Ghost Squad Review

If you’re a hardcore gamer like me, chances are every time you visit a mall or arcade and see a light-gun shooter, the quarters in your pocket start trembling, just asking to be used. In fact, among some of my favorite arcade-to-console ports have been classic shooters like the Time Crisis series or even House of the Dead. Admittedly, it’s always a drag having to purchase extra peripherals just to bring the arcade experience home (I can’t tell you how many different Guncons I have just sitting around), but thanks to the Wiimote, those days are gone. Now, SEGA released a fantastic shooter back in 2004 called Ghost Squad, but due to the dying popularity of arcades, it never really reached the fame level it should have. Luckily for us, SEGA has ported this baby to our little white console and even decided to throw in a few extras.

At the core, Ghost Squad is a pure and simple light-gun shooter. It has all the classics: weapon powerups, point-and-shoot gameplay, and stupid AI. The idea behind most of these arcade-style games is to make them pretty challenging, but not too long; they want to suck up a lot of quarters without you hogging the machine all day. While the first play-through lasts only around an hour, there are multiple versions of the main game that’ll change up certain elements, like spawn points and weapons, that create a new feel for another run. While this gives it a bit more single-player replay value, it doesn’t offer quite the diversity of, say, Resident Evil: Umbrella Chronicles.

But even though it doesn’t have the same production values of Capcom’s new shooter, the gameplay feels more like the old-school shooting genre than any other Wii game. With the new IR calibration system, you can set up your Wiimote to pin-point any location on screen without the use of a crosshair. Now, this is great in theory, but in execution is tends to falter a bit. Unless you stay completely still and can keep your Wiimote level, the accuracy will start to diminish. (Using Nintendo’s Zapper can help this problem out, but it still gets in the way.) Of course, alternatively, you can simply use an on-screen crosshair to guide your shots, but your overall score will take a hit for this.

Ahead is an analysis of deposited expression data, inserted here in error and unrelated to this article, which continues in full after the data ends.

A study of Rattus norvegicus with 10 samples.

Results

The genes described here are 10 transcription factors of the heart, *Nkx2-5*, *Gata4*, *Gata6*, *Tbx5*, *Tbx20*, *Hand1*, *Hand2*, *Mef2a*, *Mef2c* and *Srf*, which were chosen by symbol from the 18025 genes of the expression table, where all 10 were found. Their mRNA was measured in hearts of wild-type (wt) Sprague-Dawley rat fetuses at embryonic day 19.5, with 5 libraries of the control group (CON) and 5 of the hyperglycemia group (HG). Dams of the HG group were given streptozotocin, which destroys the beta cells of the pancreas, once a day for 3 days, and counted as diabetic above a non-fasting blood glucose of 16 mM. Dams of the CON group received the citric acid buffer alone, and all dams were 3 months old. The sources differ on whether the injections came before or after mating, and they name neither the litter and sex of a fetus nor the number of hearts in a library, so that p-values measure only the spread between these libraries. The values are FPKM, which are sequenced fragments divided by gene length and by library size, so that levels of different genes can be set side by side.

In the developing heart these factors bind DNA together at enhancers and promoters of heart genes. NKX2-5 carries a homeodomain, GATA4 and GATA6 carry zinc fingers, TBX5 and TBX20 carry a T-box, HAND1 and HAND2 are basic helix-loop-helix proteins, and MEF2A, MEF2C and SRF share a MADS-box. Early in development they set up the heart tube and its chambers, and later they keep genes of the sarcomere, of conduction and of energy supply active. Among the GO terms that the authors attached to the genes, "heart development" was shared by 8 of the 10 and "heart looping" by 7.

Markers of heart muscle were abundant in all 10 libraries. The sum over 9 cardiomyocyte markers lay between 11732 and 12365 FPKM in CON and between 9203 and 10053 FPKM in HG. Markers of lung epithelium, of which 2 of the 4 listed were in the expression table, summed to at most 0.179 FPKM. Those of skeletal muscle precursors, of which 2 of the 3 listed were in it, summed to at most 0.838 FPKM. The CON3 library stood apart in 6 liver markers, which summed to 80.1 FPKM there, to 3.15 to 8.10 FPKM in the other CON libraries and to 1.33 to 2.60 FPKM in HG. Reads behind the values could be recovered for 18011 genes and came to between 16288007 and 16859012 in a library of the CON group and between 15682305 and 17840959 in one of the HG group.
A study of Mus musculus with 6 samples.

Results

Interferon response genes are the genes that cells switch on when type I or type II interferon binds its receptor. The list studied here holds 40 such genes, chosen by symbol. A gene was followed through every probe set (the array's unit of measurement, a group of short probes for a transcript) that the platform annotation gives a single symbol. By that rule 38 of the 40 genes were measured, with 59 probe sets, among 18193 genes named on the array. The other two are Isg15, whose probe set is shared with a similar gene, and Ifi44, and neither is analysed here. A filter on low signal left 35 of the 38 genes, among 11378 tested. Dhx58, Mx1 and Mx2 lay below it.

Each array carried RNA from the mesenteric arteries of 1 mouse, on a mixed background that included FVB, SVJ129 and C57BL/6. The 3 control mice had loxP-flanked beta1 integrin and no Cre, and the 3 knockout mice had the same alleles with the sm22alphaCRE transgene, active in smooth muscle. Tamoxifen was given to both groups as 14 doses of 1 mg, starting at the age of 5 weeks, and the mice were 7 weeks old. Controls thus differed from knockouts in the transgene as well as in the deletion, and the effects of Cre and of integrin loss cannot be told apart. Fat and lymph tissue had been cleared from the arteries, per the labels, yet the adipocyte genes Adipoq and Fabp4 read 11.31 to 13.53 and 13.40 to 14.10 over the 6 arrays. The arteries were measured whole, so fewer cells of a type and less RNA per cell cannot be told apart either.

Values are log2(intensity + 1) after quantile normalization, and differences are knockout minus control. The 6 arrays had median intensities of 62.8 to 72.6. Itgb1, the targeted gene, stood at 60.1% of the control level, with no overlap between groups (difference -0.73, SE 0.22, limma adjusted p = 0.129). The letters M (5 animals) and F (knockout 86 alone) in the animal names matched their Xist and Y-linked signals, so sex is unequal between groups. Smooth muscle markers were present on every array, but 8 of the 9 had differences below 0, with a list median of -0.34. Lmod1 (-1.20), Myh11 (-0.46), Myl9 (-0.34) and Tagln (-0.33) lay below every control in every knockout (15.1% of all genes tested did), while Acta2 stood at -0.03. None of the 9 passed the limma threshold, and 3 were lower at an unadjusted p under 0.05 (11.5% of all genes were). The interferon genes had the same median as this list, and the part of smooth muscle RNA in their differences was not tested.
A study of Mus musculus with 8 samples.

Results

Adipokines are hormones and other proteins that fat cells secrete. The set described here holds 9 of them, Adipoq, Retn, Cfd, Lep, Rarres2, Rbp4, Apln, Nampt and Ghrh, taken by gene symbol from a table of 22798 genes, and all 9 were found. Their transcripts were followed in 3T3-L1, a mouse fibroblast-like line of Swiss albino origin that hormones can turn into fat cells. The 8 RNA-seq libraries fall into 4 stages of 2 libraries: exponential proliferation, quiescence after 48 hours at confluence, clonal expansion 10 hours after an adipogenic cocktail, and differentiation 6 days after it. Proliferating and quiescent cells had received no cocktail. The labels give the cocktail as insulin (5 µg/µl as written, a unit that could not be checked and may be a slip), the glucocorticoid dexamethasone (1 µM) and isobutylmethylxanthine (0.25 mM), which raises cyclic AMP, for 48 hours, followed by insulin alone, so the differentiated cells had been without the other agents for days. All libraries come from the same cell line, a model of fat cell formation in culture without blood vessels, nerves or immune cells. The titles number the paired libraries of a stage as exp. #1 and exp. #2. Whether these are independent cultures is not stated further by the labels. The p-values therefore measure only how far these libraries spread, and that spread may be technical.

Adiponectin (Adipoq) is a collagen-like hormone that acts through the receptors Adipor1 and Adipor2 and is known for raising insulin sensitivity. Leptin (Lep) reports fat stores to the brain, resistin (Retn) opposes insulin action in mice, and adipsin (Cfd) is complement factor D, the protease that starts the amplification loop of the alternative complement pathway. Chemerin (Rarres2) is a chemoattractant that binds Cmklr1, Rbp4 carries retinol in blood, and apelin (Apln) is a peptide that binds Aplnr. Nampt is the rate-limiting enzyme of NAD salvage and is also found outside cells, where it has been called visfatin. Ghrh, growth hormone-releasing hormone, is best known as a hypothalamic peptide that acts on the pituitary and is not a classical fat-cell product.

This time around, SEGA was nice enough to add in a keen multiplayer mode that really increases the fun-factor. If I’ve learned anything in the past few decades of gaming, it’s that co-op play is just awesome, and Ghost Squad keeps this theory alive. One to three friends can join in on the action for a truly intense experience, or you could just pick up another Wiimote to dual wield by yourself. While the difficulty pretty much stays the same, even when adding the other players, the overall enjoyment level rises when you get more people on your team.

Now, being that this is a port of an older 2004 arcade game, you’d be correct in assuming that the graphical department leaves something to be desired. Ghost Squad sports some retro Dreamcast-esque graphics, that’s for sure, but they’re still sharp and distinct, which is what you need in a shooter. SEGA decided to throw in progressive scan, which helps a great deal, but unfortunately they didn’t deliver in the single other aesthetic enhancement the Wii has to offer – Widescreen mode. While this is understandable, since the original only supported 4:3, it’s a drag for anyone trying to play on a widescreen television, especially because stretching the image results in skewed accuracy.

The thing about Ghost Squad is that it sounds just awful on paper – the single-player is short, the extras seem forced, and the graphics are far from special – but it’s actually a really fun game. The Wiimote makes for a great makeshift light-gun, even if it’s not quite as accurate. With all these A-plus titles being released right before the holidays, it’s possible this one might get overlooked. Ghost Squad excels in providing a ton of entertainment in short bursts, which defines bringing the arcade experience home. Pair that with a competitive price of $30 and it’s easily worth a purchase for lovers of the classic shooter genre.